BY TOM LYONS
THEY buried two large slices of GAA history in Clonakilty in recent weeks when they laid to rest Nealie (Con) O’Neill and John Lyons.
Nealie O’Neill was in his early 90s and his lamented death was the end of an era, bringing to a close the great era of senior football in the club in the 1930s and 1940s.
Nealie was the last surviving member of the great Clon teams that brought five county senior titles to the town in the 1940s.
Having made his debut with Clon seniors in 1942, Nealie shared in the three-in-a-row in 1942, 1943 and 1944 when Tadhgo Crowley led the red and green against arch-rivals, Fermoy, a rivalry that led to the All-Ireland senior football title being won in 1945. It was the first time the Sam Maguire came to Cork, in the safe arms of Tadhgo Crowley, the first title since 1911, with nine Clon players on the winning panel.
Clon surprisingly lost the county final to Fermoy that year, but they were back in 1946, Dessie Cullinane captaining them against Fermoy, and 1947, Mick Finn being captain against St Nick’s, as two more titles were won.
Holding down the demanding midfield positions in those five winning finals was Nealie O’Neill.
Nealie always preferred hurling to football and the Clon junior hurling team was highly successful in the forties, winning six South West titles and unlucky to be beaten by Newtownshandrum in the replayed 1946 county final. Nealie was the star on the hurling team and in 1950 won an All-Ireland junior hurling medal with Cork.
Nealie retired, some say prematurely, in 1951 and refused an invitation to play in 1952 when Clon won their seventh senior title, drawing every round bar one. His love of greyhounds took over after that.
Nealie was older brother of the late Humphrey ‘Small’ O’Neill who won an All-Ireland senior in 1945 with Cork and had a great career in the Cork and Clonakilty jerseys. He was uncle of Dave McCarthy, Clon’s All-Star footballer of 1976 and winner of an All-Ireland senior medal in 1973.
Nealie’s passing was indeed the end of an era, bringing down the final curtain on the golden forties in the Clonakilty club.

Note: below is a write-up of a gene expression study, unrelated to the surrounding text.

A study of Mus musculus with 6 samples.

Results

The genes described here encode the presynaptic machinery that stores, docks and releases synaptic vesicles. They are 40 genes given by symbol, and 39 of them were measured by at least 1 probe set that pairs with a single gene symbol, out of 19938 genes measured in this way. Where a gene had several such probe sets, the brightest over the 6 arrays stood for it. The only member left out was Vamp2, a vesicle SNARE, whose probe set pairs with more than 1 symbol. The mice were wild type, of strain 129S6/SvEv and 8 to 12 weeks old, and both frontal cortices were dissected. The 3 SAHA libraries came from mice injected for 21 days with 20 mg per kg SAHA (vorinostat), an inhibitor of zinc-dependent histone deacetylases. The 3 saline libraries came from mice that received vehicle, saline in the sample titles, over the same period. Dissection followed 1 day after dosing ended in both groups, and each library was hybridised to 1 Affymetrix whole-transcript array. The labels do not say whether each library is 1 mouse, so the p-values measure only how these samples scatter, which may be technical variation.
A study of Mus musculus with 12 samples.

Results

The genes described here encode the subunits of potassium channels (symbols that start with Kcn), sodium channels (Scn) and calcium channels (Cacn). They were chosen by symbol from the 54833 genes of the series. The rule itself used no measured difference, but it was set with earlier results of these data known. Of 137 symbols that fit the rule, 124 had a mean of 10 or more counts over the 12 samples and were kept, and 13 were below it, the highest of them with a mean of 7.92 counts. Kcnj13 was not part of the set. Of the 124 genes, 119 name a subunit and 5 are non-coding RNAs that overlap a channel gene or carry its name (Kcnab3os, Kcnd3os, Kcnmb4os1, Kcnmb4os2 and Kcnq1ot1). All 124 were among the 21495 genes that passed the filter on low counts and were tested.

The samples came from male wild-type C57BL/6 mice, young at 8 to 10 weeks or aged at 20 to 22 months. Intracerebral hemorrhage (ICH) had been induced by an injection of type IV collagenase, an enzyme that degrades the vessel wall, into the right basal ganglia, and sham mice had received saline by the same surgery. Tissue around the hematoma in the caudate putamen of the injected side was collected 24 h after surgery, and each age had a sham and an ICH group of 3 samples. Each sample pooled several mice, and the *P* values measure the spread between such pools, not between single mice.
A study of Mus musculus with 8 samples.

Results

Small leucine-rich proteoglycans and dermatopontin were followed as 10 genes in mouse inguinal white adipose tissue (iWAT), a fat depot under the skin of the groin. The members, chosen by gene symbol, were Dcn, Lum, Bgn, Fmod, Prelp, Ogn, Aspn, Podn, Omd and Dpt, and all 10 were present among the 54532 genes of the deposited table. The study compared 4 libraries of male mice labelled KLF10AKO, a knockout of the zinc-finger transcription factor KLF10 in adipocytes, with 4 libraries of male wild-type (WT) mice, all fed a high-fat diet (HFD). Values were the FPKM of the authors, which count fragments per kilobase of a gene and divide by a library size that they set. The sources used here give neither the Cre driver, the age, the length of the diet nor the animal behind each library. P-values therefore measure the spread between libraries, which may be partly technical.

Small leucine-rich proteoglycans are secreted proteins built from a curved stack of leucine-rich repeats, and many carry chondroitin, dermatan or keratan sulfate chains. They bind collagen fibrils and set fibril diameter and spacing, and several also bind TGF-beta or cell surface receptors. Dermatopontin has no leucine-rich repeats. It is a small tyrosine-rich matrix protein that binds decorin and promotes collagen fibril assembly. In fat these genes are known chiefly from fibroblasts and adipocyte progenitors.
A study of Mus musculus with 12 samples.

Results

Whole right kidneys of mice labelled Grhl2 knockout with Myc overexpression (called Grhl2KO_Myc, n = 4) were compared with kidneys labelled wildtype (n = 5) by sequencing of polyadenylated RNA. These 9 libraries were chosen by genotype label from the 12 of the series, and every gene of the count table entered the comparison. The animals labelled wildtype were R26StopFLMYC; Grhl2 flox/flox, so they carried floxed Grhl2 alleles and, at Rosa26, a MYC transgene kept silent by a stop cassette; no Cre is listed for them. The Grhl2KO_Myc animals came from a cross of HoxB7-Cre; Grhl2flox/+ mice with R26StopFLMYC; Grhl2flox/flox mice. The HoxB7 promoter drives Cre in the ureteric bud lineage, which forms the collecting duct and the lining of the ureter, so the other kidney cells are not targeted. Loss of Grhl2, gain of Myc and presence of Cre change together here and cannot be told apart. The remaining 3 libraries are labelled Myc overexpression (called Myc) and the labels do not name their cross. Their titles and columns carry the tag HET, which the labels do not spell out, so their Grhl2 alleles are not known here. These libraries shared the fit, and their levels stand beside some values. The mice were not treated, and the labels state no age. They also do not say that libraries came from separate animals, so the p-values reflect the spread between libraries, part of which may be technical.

John Lyons arrived on the scene for Clon footballers just as Nealie finished his career in the early 1950s. Still a teenager, he was a sub on the Clon team that won the 1952 title, captained by the legendary Kerry footballer Tom Moriarty, but that win brought down the curtain on Clon’s golden era and the club wasn’t to win the title again for 44 years, in 1996.
John was one of the many players who soldiered on during the fifties and sixties in the shadow of the golden forties, without winning another senior title, but they came very close on a few occasions.
John captained the 1953 Cork junior football team that won the All-Ireland title and played in the unusual position for him of goalkeeper on that team. It was as a swashbuckling forward that John made his name as a player and he had GAA blood in his veins, his father ‘Dick’ Lyons being a prominent member of the famed 1914 Clonakilty Railway Shields’ winning teams. John’s brothers, Pato, Dan and Mickey also wore the red and green with distinction, as did his sons, Finbarr and Seán.
John was on the Clon team that lost the county senior final to St Nick’s in 1954 and in hard recessionary times in the 1950s, he emigrated to England like many more young Irish men and women, and so missed out on the declining years of Clon football in the late fifties.
He was back in his native Clonakilty for the infamous 1961 county final against Avondhu when Clon missed two penalties and lost by two points. John scored a cracking goal in that final, with a rocket of a drop kick from about 30 yards out but it was in vain.
He never won another county medal to go with his 1952 medal but he left a host of great memories of a swashbuckling full-forward, built like a tank, who would prefer to go straight through a stonewall rather than round it and he was adored by the Clon supporters. He captained the senior team in his last year of action in 1962.
Ar dheis Dé go raibh Nealie agus John.